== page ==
Shutdowns. Lockdowns. Blanket bans. Closed borders. States of emergency – or calamity, if you’re in the Philippines. Temperature-checking drones and the surrender of mobile data to track citizens. Government directives to industry. Coronavirus has made authoritarians of us all.

Delaying the spread of the virus is of paramount importance. But it is not too early to consider the long-term toll the virus will take on our political systems. Democracy seems particularly vulnerable to this pandemic.

On the simplest level, the pandemic has highlighted how voting systems cannot handle disruption. Local and national elections around the world are being suspended – the logistics are too overbearing and costly in the midst of a crisis, and social distancing impossible during polling. These delays will undoubtedly erode trust in the system as leaders without a credible mandate bungle their way through an unprecedented crisis.

The dithering of political leaders in democratic states when making difficult decisions has also been criticised, and contrasted with quick action in China. Some of this is due to the slower pace of consensus gathering in democracies, as different departments and numerous political stakeholders must be consulted. Many delays can likely be attributed to leaders weighing the political costs of what they must do. Either way, democracy can be found wanting.

Dying democracies

It doesn’t help that democracy has been equated with cacophony over these trying weeks. In devolved systems, provinces and states have been responding differently, often at odds with each other, spurring the virus’s spread. Even democracy’s most die-hard supporters have found themselves longing for centralised command and control.

Many democratic leaders have, unfortunately, also exploited Covid-19 as an excuse to behave badly. The United States has doubled down on its irrational travel bans. In Singapore and Israel, the governments are invoking the crisis to start tracking people through their mobile phones. In Delhi, a Bharaitya Janata Party activist has blamed those protesting the citizenship act for spreading the virus. Globally, journalists are facing pressure and threats for criticising government responses to coronavirus, or questioning the accuracy of reported numbers. It has only taken a few weeks for the situation to get dire enough for a group of United Nations special rapporteurs on human rights to issue a reminder to governments to not use Covid-19 as a cover for repressive, discriminatory or unconstitutional measures.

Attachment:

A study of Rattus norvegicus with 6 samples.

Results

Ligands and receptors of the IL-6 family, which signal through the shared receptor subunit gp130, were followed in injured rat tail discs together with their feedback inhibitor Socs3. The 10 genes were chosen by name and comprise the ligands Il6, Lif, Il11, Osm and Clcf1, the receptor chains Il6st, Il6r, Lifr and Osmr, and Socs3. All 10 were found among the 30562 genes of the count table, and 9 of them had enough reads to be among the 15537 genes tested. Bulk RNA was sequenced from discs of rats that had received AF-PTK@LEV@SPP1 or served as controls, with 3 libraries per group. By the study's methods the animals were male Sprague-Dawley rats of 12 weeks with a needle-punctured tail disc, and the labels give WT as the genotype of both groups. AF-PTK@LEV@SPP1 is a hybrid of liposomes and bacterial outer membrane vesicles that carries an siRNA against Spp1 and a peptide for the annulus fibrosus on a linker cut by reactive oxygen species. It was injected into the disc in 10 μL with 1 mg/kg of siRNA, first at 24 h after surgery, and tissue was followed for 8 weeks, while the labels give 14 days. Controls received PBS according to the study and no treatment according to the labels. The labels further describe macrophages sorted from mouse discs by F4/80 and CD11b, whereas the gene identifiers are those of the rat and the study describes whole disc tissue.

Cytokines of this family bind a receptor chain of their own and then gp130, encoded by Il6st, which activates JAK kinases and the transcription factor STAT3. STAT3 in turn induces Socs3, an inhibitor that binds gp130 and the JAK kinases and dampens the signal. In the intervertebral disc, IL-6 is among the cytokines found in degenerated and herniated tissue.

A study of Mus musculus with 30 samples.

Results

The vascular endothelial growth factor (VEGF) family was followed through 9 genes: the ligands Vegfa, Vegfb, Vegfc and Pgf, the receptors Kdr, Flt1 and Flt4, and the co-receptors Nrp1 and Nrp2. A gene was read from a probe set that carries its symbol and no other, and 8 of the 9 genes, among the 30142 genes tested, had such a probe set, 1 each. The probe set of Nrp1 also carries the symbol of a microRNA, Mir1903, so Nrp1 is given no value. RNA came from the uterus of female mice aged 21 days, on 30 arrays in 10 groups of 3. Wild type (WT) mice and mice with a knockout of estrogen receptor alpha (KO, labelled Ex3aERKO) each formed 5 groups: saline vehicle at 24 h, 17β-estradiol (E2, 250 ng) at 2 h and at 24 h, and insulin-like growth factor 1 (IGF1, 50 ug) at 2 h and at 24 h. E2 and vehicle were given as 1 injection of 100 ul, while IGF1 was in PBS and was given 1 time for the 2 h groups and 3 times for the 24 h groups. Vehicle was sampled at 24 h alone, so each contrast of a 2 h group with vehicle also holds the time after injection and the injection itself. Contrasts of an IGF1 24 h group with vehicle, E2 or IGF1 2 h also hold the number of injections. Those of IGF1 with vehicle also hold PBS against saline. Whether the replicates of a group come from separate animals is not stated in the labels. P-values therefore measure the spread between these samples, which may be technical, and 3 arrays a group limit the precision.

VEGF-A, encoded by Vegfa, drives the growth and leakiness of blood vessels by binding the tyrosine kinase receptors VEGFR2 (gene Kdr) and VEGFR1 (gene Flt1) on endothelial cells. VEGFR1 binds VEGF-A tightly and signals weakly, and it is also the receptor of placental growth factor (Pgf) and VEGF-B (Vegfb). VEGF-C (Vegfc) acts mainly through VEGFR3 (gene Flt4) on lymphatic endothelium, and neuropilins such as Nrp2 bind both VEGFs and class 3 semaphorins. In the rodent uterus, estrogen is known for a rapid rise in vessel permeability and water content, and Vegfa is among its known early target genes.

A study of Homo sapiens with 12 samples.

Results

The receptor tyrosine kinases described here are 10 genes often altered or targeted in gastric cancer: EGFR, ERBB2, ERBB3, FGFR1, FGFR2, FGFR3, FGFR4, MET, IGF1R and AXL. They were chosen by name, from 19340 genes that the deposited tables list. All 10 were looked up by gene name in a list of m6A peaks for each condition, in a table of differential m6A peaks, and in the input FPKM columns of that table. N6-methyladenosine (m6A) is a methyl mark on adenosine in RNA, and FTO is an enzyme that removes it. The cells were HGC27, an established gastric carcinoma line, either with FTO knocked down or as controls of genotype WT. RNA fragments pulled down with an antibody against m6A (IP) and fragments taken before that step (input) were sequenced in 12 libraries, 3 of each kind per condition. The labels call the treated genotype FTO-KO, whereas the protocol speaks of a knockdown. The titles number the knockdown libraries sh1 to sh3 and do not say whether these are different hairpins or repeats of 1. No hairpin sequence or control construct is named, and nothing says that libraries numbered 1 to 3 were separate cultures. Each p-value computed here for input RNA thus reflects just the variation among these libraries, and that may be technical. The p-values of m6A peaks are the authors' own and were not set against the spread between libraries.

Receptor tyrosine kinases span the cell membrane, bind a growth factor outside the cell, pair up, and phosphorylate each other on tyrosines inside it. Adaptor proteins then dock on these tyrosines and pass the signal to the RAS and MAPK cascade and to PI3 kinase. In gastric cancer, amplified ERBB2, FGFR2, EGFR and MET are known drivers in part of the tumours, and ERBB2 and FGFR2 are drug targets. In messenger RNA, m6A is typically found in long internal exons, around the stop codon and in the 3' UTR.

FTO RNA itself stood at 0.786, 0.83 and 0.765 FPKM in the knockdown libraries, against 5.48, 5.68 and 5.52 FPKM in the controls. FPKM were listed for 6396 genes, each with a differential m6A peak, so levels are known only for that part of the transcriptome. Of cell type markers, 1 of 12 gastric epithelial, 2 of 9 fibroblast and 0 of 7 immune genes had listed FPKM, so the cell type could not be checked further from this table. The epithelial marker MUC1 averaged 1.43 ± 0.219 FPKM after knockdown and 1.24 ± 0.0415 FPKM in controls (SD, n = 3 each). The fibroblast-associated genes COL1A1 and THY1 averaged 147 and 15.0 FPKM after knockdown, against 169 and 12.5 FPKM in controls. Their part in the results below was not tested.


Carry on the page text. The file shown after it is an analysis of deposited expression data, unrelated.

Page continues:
Such bad behaviour will persist while democracy’s greatest asset – accountability – is undermined. The fast pace of events and the unprecedented nature of this crisis means that typical accountability functions such as the media, courts and civil society organisations are unable to serve as effective checks. In the short term, this will result in dubious decision-making. In the long-term, today’s mistakes will be held up as examples of flagrancy, venality or incompetence by populists and autocrats hell-bent on further undermining democratic systems.

Our only hope

But we cannot lose faith in the system during this crisis. Democracy, when agile and credible, can deliver the efficacy of an authoritarian system while maintaining transparency and accountability. This is the “wartime democracy” being daily extolled in the Western press. In this conception, democracy can rely on a unified public mandate – which authoritarian states rarely have – to make quick decisions, while being kept answerable for its actions. Don’t forget, China, which is now recording no or few daily new cases, and is being envied the world over for its top-down coronavirus crackdown, initially sought to suppress the outbreak of the virus, leading to its spread.

The real stress for democracies is not now, during the handling of the crisis. Rather, it will come when the pace of the spread of the virus has been made manageable, and people observe how quickly their systems bounce back. How soon and proactively will governments reevaluate emergency measures, roll back monitoring and tracking provisions once they are no longer needed, and, most importantly, re-engage citizens to understand their priorities and needs.

Moreover, once the virus is controlled, we will recognise that the fallout of the pandemic can only be managed by a robust democratic system. When we seek to rebuild shattered economies – and societies – we will need inclusive representation so that all constituents can be heard and accounted for. We will need social welfare programmes, local governments to engage the public at the grass roots, and civilian policing to tackle the likely rise in petty crime during a recession. Above all, we will need governments – and democratic ones are best suited for this – to hear the global public’s priorities, and improve access to quality health and education so that we’re never so vulnerable again.

This article first appeared on Dawn.